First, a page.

Those years weren’t a phase, they were a black spot in our history,
They could never be forgotten, never be expunged from our memory.
An invisible, toxic army of a gazillion soldiers took over the Earth,
We were slow to respond, but we fought for all it was worth.
Our faces masked, our hands gloved, we were caged in our concrete zoo,
While doctors, nurses, and reporters painstakingly unremembered their loved ones’ rue.
With tears hidden behind safety suits, many, oh many, only watched with hands stretched out,
As pieces of their hearts were buried deep inside the earth and they could only be spectators throughout.
Streets were devoid of the games, the banter, and the laughs of children-
They had grown over time, in their longing for schools to reopen.
We attempted and crashed, but did we stop trying? No, we never did.
Fathers and mothers, sons and daughters, fought for each other even if the world did forbid.
Men and women lost their jobs and everything they had ever worked for-
We were all in the same boat, the boat had set sail, but it had washed ashore.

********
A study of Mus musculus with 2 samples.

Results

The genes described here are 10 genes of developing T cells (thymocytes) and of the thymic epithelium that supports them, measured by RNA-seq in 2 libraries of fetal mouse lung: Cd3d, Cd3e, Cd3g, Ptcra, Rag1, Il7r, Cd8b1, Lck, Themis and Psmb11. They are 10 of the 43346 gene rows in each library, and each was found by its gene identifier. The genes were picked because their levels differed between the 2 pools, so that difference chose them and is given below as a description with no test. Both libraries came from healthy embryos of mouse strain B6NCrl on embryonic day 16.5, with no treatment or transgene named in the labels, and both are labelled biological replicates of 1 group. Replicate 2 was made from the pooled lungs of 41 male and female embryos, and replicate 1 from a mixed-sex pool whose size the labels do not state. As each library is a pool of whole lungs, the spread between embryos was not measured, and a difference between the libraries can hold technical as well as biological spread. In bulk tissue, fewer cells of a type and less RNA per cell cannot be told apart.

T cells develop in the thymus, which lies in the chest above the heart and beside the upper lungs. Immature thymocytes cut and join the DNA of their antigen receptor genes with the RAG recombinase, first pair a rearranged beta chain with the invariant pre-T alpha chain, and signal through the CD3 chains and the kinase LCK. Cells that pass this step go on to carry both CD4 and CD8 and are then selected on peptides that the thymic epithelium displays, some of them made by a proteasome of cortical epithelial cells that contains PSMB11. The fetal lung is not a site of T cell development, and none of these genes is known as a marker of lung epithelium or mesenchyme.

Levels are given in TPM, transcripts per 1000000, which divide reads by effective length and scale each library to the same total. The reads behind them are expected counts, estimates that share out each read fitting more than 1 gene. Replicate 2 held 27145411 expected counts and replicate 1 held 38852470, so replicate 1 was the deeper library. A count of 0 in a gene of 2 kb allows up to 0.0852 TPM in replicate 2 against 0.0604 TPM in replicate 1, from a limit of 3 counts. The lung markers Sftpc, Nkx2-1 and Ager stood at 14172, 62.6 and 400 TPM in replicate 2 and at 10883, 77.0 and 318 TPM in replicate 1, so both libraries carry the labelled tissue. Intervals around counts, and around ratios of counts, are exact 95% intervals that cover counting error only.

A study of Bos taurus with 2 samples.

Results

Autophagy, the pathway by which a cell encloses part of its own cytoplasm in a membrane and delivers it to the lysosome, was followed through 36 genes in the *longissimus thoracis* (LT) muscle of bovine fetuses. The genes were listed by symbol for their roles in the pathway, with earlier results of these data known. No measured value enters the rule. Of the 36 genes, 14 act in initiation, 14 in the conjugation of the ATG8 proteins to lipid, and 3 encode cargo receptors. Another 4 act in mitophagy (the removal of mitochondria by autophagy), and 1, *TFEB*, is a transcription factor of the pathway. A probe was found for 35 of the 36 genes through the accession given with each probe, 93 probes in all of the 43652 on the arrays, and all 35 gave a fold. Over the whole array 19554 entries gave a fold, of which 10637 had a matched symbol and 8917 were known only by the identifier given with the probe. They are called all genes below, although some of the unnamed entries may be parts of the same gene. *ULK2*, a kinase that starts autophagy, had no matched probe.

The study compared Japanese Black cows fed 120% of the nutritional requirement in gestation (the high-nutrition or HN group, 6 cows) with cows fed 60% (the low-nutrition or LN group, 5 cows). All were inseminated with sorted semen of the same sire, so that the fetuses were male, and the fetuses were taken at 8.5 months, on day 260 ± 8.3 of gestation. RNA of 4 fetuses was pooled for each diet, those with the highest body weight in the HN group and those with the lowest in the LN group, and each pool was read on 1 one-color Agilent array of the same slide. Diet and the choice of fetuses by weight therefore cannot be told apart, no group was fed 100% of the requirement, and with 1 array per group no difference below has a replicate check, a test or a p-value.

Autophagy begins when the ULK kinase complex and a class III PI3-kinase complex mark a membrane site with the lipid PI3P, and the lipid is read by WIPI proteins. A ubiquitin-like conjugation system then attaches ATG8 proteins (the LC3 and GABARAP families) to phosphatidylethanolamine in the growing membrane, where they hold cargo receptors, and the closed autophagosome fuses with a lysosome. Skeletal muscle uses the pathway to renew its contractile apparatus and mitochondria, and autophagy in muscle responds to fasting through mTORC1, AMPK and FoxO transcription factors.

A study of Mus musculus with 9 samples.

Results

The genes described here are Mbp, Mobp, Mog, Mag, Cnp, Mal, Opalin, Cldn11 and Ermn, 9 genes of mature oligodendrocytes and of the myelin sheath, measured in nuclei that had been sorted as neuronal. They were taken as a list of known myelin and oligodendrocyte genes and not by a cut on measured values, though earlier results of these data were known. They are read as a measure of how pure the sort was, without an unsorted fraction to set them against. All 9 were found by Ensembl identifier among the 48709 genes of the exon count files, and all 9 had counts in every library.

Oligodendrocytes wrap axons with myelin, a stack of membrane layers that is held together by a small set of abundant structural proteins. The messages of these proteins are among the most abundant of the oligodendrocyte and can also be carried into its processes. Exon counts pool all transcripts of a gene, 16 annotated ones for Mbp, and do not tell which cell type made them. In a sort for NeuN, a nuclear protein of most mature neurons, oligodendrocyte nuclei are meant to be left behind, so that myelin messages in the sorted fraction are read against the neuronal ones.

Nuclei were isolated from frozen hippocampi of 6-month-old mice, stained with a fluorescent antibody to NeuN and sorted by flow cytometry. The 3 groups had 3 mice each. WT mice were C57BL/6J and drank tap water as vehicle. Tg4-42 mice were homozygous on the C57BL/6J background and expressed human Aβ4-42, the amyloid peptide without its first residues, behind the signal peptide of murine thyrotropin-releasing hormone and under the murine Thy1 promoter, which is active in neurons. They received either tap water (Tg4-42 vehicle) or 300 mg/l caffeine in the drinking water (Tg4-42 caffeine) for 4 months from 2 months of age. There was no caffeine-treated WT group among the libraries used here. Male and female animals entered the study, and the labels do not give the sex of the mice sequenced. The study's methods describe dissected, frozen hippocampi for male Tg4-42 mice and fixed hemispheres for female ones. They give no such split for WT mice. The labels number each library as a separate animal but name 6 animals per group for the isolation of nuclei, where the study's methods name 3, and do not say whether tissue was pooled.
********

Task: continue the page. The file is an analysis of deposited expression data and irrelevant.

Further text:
When we had to distance ourselves from one another,
When we couldn’t hold hands and pray together,
Did we stop trying? No, we never did. We attempted and crashed, but tried again.
All of our life’s stories have unique plots, though they have flipped to the same page today-
But we will emerge soon, look at another man’s face and think,
‘He was there too,’ and wonder how our stories came to interlink;
We shall watch a new sunrise in the absence of a friend, parent, or brother
And still, remember we were all in this together.
Featured image: www.freepik.com
Mustafa Topiwala is a high school student who aspires to use his abilities and talents to help others. Reading, writing poetry, sailing, surfing, and blogging are some of his hobbies, and he hopes to study law in the future. He is also an avid speaker and debater and is ready any time to engage in a fun conversation.